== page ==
The five-person team at myEDmatch has locked in 100 schools in 17 states to pay for the chance to connect with teachers through the site.
Kansas City startup myEDmatch wants to remedy the educational equivalent of spending nights out at the bar hoping for a chance encounter with your soulmate.
Six months in, co-founders Alicia Herald and Munro Richardson possess lesson plans they believe will streamline the hiring process for K-12 teachers and administrators. Their idea: "online dating for education jobs."
Herald, the former executive director at Teach for America, turned to online dating while attending business school last year, and was impressed by its efficiency. She sent Richardson, then vice president of education at Ewing Marion Kauffman Foundation, a 4 a.m. email last September about her idea for matching good-fit teachers with schools. He was leading the creation of the Ewing Marion Kauffman School, an urban college prep charter school in Kansas City, and had trouble finding the right teachers for the school's mission.
A day after the email, the two met for coffee, and three weeks after that both gave notice to their employers they would be leaving.
"What I loved about it was you literally could take what was proven in another industry and port it into K-12 education," Richardson said. "We built it to solve problems we already knew teachers and schools had."
Those problems are revealed in statistics Herald quotes, such as: 20 percent of teachers leave their classrooms at the end of the year, nearly 50 percent leave teaching before five years and principals spend up to 70 percent of their time in second semesters recruiting teachers. Teacher turnover costs U.S. schools more than $7 billion a year, according to the National Commission on Teaching and America's Future.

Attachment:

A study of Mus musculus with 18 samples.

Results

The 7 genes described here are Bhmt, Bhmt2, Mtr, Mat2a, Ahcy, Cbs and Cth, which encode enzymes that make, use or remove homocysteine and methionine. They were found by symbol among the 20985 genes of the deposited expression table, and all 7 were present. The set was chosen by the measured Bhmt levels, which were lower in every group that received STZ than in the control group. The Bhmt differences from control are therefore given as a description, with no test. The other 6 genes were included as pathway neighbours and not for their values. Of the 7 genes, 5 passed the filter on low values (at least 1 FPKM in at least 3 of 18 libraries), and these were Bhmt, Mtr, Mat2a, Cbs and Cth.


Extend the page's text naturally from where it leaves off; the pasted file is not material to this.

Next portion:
"We want to change the current thinking that teachers should be happy to get any job," Herald said.
With experience in the field, the two of them were able to quickly turn the research they had done over the years into a stable of personal metrics that help answer, "What school is right for me?" Richardson said.
On myEDmatch, job-seeking teachers and administrators can market themselves by creating a profile with the free service that identifies beliefs (right) like mission, culture and school environment, which creates a "Match Score" coinciding with job openings schools post to their profiles. In addition, teachers can share stories, lesson plans and videos.
For schools, myEDmatch offers a chance to highlight strengths, focuses and expectations while streamlining hiring to a standardized form that only puts best matches in front of them.
When searching, both schools and teachers can filter out results by a range of criteria, which is a stark contrast to current search tools, Richardson said. Google Search, Craigslist and job boards are by far the most widely used sources, he said.
The five-person team has locked in 100 schools in 17 states so far to pay for the chance to connect with teachers through the site, which is currently in beta testing. The goal is to bump from about 2,500 teachers currently signed up on the site to 25,000 in the next couple months as more look for jobs at the end of the year. This is a realistic number, Richard said, which comes from about 250,000 who will be looking for a job or thinking of leaving the profession and about 150,000 new teachers entering the field.
The startup has received $150,000 in its seed round, which was finalized in February, and is currently working to close an additional $100,000. The investors also make up their advisory board, which includes Build-A-Bear founder Maxine Clark, Freightquote CEO Tim Barton and Barkley president Dan Fromm.
"In terms of solving the pain point of finding a good-fit teaching job, there isn't anything there," Richardson said. "If it was, I'd still be at Kauffman and Alicia would be at Teach for America."
Here's a promotional video from the company providing an overview of myEDmatch:
Credits: Screenshots and video from myEDmatch's website. Alicia Herald and Munro Richardson from LinkedIn.